Moody's Investors Service this week will release a report suggesting home equity ABS deals incorporate more effective triggers. Analysts at the rating agency last week stressed they were not aiming to "dictate" the type of triggers used in home equity deals, but did say lower-rated tranches would likely receive a more favorable rating through the use of one of two alternative triggers it outlines in its report, in addition to standard cumulative loss and delinquency triggers.
Moody's solicited comment on a number of the alternative triggers at its annual investor conference last year. The favorite among them has emerged as the so-called pipeline loss trigger, which was found to make deals the "most robust" and exhibit less ratings volatility. A second to the pipeline loss trigger was a hybrid version of the cumulative loss trigger that accounts for prepayment speed.
"There has been discussion on these triggers for the last couple of years. We are sort of surprised that people didn't move forward in terms of putting some more robust triggers into transactions, so we decided to go ahead and suggest this," said Warren Kornfeld, a managing director at Moody's. Introduction of new triggers was not purposely correlated with an expected decline in the home equity lending market. In fact, the old set of triggers seem to show their faults more in good economic times, when high prepayments tend to make them less effective, said Navneet Agarwal, a vice president at Moody's.
As far as how much use of the triggers - or versions of them - will influence ratings: "Moody's will continue to make a credit rating distinction between deals with more robust triggers and deals without," the rating agency writes in its report. Generally only bonds at the lower end of the capital structure can be expected to gain a ratings boost from favorable loss triggers. "For example, a Baa2' bond without either of the two additional triggers could potentially be rated Baa1' if the transaction employed either of these two more robust triggers," the report states.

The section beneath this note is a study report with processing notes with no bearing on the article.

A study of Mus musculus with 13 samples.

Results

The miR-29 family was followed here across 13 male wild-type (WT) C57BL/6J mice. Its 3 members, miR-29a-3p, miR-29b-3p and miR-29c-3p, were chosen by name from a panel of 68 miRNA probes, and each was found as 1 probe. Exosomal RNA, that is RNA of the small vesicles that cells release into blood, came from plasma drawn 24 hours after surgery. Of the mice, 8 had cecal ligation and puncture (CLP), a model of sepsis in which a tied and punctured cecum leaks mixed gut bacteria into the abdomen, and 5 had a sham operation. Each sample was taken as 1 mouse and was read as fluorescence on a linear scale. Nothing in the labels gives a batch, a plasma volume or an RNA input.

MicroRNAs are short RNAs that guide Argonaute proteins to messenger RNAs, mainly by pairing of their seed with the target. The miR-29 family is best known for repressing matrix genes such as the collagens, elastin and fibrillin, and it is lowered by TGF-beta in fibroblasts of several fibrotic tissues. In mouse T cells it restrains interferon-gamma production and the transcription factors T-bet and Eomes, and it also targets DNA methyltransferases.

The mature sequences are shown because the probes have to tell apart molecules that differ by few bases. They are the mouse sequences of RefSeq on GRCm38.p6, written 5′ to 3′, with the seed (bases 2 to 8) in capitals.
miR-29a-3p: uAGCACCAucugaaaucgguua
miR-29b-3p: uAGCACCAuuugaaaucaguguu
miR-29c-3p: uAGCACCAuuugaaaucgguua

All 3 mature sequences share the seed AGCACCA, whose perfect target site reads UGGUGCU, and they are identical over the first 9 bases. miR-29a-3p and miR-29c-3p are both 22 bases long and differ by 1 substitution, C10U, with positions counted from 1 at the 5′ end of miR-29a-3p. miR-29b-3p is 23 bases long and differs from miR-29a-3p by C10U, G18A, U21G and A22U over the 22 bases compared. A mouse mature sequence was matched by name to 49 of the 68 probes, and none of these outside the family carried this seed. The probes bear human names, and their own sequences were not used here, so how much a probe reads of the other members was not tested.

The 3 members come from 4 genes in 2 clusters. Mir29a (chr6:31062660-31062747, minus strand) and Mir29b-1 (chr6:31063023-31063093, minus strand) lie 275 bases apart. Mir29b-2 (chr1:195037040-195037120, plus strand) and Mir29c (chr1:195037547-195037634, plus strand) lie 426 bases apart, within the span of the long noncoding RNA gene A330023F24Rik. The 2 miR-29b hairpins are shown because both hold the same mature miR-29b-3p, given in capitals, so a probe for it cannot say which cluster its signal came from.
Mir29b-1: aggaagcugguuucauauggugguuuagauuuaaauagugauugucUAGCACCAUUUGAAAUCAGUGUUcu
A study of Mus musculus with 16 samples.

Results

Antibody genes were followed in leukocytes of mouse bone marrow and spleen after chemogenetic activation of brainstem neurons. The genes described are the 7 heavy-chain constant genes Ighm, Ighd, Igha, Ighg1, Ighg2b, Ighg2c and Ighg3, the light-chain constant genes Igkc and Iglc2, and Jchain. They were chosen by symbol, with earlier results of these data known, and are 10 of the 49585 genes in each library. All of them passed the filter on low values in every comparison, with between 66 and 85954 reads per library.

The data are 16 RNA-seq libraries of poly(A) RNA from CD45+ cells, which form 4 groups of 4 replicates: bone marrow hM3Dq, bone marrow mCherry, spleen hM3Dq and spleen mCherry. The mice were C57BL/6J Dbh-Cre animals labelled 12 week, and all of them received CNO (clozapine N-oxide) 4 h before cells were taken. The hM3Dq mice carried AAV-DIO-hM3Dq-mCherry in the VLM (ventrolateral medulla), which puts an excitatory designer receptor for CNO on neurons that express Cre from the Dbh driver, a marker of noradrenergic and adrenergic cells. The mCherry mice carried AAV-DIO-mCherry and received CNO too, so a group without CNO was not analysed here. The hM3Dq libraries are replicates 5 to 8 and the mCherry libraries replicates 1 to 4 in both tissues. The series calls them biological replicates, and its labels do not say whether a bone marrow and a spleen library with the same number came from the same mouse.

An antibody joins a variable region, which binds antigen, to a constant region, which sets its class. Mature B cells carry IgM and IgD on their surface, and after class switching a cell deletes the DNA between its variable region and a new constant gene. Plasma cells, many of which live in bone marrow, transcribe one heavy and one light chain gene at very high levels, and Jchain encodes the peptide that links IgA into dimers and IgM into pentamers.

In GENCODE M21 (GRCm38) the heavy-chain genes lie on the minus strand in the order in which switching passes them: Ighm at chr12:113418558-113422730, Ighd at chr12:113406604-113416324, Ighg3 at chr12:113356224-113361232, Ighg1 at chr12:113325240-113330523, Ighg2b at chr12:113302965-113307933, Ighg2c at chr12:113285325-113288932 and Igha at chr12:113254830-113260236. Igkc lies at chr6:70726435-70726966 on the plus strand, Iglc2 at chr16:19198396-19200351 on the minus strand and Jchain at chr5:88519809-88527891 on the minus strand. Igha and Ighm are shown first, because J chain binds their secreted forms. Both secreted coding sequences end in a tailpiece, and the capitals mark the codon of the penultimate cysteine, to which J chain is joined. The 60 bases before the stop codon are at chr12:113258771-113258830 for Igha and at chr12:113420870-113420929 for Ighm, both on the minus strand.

Triggers are intended to ensure cash flows infuse the appropriate tranche, based on a given deal's performance. Since roughly 2002, most home equity deals have incorporated both a delinquency and cumulative loss trigger. Delinquency triggers typically measure serious delinquencies, while cumulative loss triggers are based on a threshold of cumulative losses. In its analysis, Moody's found the commonly used soft delinquency triggers were helpful primarily to higher-rated tranches. On the other hand, cumulative loss triggers were found to be weak when it came to ail end losses. As a result of the inadequacies, the rating agency analyzed the performance of a crop of alternative triggers, including pipeline loss, CPR-based cumulative loss, hard delinquency and net excess spread.
Unlike a typical cumulative loss trigger, the pipeline loss trigger predicts a pool's future losses based on its level of current delinquencies. The forward-looking trigger compares expected losses with available credit enhancement at a given rating level. The most important aspect of the trigger, according to Moody's, is its ability to incorporate both delinquencies and losses. The trigger assigns a lifetime default probability, or roll rate, to each loan in the pool, then multiplies the rate by the loss given default, or severity assumption - the roll rate being determined by the loan's current delinquency status and rating stresses. The pipeline loss trigger is the ratio of available credit enhancement to pipeline loss.
The CPR-based cumulative loss trigger was found to be a step-up from the vanilla cumulative loss trigger because it factors in the rate of prepayments, effectively delaying a step-down in the event of higher-than-expected prepayments. The trigger was designed to help cure the problem of "back-end" losses, when weaker borrowers are left behind in pools as stronger borrowers prepay. The CPR-based threshold is achieved by multiplying the ratio of the actual pool factor to the expected pool factor by the standard cumulative loss threshold.
The remaining triggers tested by the agency seemed somewhat less impressive. The hard delinquency trigger calculates a given pool's percent of 60-day plus delinquencies, foreclosures, REO and bankruptcy. The trigger was found to do a good job of preventing downgrades from stepping down, but it inhibited the step-down of upgrades. The net excess spread trigger, based on net excess spread after losses, was found to be relatively volatile.